Solo "canoeing" a Phoenix Vagabond.

tandem kayak/decked canoe

Boat: 1987 fiberglass Phoenix Vagabond with front seat set for solo paddling.

Me: 5’6" 155 lbs.

Conditions: Small lake with light & swirling breeze.

Paddle: 47.75" Zaveral (ZRE) Medium bent shaft.

I hadn’t paddled this boat in a few years and got it out to see what it was good for, so I tried it out with kayak paddles and canoe paddles and was unsatisfied with the handling of the boat while sitting in the front seat positoned for solo paddling. Since the hull of this boat is transparent, I could see the water level up front and it looked like the bow was too deep and plowing the water, so I decided to move my weight back a bit. I landed the boat and moved to the back seat and voila, the boat handled just like I wanted it too - it tracked easily with just a small flip of the paddle at the end of the stroke and is very easy to turn with minimal effort using a lean and a bit of a sweep stroke. About the front 1.5’ of the boat is a bit out of the water while sitting in the stern seat, but the boat still handles the wind from all directions better than it did when I was sitting more forward in the official solo position for this boat. The boat is also narrower in the stern seat, so the paddling stroke is more comfortable than at the more forward position. My expectation is that this trim would also work well for non-whitewater river touring and larger lakes without a lot of wind. A heavier paddler than me may benefit from a little ballast up front to lower the bow a bit.

Hmmm, maybe a retrofit with a Wenonah sliding tractor seat is something to consider for this boat.

Moral of the story, before giving up on a boat because of dissatifaction over handling characteristics, mess around with trim to see if a sweet spot can be found for your preferred handling characteristics.

I really like the feeling of paddling the Vagabond with the Zav bent from the stern seat, but, judgeing from the time it took me to make my normal circuit around this lake, soloing the Vagabond this way may not be as fast of a means to get around as my Sawyer Summersong or Mad River Slipper, but it sure feels sweet. I didn’t feel like I wanted or needed to go any faster and didn’t feel physically tired afterward either, just satisfied.

(Yes Charlie, I know that I’m making use of artificial rocker)

Are you advising or suggesting that
people consider the Phoenix Vagabond as a canoe? I always thought it could work for that. Might work for kneeling as well as for sitting. How fast does the hull seem to be? How much water does the hull draw, with more than your midget frame aboard?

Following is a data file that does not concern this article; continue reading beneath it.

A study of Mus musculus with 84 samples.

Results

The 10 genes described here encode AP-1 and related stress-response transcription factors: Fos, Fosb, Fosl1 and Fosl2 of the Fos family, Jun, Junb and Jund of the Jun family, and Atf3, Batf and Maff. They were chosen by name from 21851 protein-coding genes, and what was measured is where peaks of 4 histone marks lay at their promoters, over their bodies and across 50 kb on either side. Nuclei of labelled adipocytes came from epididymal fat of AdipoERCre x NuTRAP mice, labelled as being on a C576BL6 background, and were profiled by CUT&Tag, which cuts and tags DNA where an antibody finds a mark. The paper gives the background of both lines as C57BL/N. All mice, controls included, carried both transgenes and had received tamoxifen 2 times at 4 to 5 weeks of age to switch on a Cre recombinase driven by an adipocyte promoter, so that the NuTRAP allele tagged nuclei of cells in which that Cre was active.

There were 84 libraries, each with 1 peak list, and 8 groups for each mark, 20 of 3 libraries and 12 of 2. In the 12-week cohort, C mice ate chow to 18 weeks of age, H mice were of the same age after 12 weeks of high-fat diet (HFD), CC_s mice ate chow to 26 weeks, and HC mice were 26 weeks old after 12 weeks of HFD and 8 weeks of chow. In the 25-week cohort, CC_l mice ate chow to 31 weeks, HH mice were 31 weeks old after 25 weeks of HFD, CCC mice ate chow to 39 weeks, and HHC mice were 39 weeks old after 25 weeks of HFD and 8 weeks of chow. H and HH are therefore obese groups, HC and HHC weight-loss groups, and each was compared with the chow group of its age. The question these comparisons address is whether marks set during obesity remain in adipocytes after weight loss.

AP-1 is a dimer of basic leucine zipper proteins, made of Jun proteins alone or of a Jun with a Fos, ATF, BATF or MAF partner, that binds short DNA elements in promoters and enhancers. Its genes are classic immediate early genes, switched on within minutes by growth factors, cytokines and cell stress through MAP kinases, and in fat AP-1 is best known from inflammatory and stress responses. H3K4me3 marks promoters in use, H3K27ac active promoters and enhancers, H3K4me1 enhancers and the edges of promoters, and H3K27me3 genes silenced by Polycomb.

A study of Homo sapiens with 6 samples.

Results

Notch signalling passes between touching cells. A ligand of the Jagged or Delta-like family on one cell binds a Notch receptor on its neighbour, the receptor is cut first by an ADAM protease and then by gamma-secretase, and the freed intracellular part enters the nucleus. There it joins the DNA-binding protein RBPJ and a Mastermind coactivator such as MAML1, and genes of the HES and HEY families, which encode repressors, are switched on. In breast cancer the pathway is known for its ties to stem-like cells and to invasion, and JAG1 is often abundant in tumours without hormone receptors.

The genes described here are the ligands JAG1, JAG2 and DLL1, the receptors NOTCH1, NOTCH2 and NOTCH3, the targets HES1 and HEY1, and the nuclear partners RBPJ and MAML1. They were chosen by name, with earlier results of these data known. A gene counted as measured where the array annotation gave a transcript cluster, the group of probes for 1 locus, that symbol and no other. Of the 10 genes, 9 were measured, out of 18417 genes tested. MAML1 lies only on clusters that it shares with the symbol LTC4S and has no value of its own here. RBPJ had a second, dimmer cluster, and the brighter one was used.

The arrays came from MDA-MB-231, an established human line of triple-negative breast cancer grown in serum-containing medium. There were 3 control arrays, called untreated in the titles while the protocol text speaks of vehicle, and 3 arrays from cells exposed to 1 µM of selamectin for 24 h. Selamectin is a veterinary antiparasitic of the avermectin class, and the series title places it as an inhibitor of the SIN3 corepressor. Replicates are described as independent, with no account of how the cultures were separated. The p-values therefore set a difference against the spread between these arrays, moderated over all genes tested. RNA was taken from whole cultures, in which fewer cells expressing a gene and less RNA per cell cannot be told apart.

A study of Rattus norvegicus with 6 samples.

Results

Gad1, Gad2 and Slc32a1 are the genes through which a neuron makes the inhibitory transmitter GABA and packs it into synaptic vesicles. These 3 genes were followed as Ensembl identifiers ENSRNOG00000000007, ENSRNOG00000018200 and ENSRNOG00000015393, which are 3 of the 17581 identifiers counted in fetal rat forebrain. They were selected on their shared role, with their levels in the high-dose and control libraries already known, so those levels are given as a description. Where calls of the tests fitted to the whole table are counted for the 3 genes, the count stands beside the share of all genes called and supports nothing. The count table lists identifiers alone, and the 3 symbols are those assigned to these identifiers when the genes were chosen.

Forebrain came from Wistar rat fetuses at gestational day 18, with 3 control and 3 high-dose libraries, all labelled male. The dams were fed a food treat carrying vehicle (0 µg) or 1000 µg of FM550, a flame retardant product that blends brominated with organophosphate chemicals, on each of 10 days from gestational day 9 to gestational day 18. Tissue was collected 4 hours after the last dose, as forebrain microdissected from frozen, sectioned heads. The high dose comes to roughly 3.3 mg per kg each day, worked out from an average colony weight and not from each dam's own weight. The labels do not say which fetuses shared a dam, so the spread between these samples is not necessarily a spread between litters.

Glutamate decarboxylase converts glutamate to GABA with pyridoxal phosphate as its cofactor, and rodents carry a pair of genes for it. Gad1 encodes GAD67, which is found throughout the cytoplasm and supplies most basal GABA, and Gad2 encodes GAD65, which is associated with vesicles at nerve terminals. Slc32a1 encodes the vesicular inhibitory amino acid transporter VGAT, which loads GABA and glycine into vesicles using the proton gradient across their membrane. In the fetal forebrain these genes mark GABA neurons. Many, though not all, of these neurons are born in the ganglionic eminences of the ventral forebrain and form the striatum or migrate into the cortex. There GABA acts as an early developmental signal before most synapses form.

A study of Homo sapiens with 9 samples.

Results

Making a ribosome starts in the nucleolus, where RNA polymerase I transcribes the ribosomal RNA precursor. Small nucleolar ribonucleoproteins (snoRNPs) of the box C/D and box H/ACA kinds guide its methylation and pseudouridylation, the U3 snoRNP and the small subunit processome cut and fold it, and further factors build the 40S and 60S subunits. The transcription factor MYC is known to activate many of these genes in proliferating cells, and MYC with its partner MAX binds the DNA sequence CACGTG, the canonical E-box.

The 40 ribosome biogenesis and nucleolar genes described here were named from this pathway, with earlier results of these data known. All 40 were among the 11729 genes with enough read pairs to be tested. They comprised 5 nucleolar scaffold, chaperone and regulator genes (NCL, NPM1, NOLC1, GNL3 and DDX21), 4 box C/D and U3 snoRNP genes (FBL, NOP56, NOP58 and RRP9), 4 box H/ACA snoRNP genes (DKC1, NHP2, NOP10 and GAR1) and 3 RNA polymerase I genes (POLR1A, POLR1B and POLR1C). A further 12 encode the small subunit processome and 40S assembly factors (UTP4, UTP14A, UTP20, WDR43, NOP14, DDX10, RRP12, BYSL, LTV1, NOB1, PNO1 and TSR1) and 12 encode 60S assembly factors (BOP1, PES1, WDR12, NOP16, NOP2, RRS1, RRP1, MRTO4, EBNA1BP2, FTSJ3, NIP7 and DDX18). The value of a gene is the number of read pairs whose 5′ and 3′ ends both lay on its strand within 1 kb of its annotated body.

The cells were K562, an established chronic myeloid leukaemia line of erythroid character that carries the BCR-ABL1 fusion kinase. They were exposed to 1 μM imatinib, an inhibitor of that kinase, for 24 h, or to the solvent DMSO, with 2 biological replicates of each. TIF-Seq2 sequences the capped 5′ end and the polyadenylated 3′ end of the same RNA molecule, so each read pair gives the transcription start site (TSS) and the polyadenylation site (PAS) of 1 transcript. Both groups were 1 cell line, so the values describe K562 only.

Yes, use the Phoenix Vagabond as a canoe
- solo canoe, that is, and paddle it from the stern seat. I have no idea how it would work as a tandem canoe in the standard configuration, because I haven’t tried that yet. It’s been a couple years since I’ve paddled it tandem with kayak paddles and I don’t remember much about that. It hasn’t been used as a tandem since we got the royalex Wenonah Solo Plus, which my wife prefers.

The Vagabond has a flattish bottom, so it shouldn’t draft too much, even with a Maxi Me (standard sized 180 t0 230 lb man) aboard.

Another characteristic of the flattish bottom, besides extreme stability, is that it oil cans some, even though it is fiberglass. Keep in mind that this hull is 20 years old and the original owners used it on rivers for fishing and it wasn’t treated with kid gloves, so that may be a factor in the flexing of the hull. I have no idea if the current constructions have the same amount of flex / oil canning, though I don’t see how you could avoid it with a flat, non-ribbed hull.

My impression is that it’s not a particularly fast hull, but I’ve never timed it or put a gps on it. My expectation is that most boats with flattish bottoms won’t be particularly fast or efficient, though the Vagabond seems to move along at a leisurely pace when paddled solo with a bent shaft Zaveral with seemingly little effort and without tiring me.

I haven’ tried kneeling in it, but I suppose it could be done. My preference is for sitting.

Forgot to mention…
I was sitting on a 4" thick square boat floatation cusion and had narrower and stiffer foam piece between my back and the back of the seat.

The stock seat is too low for me to comfortably use the bent shaft canoe paddle.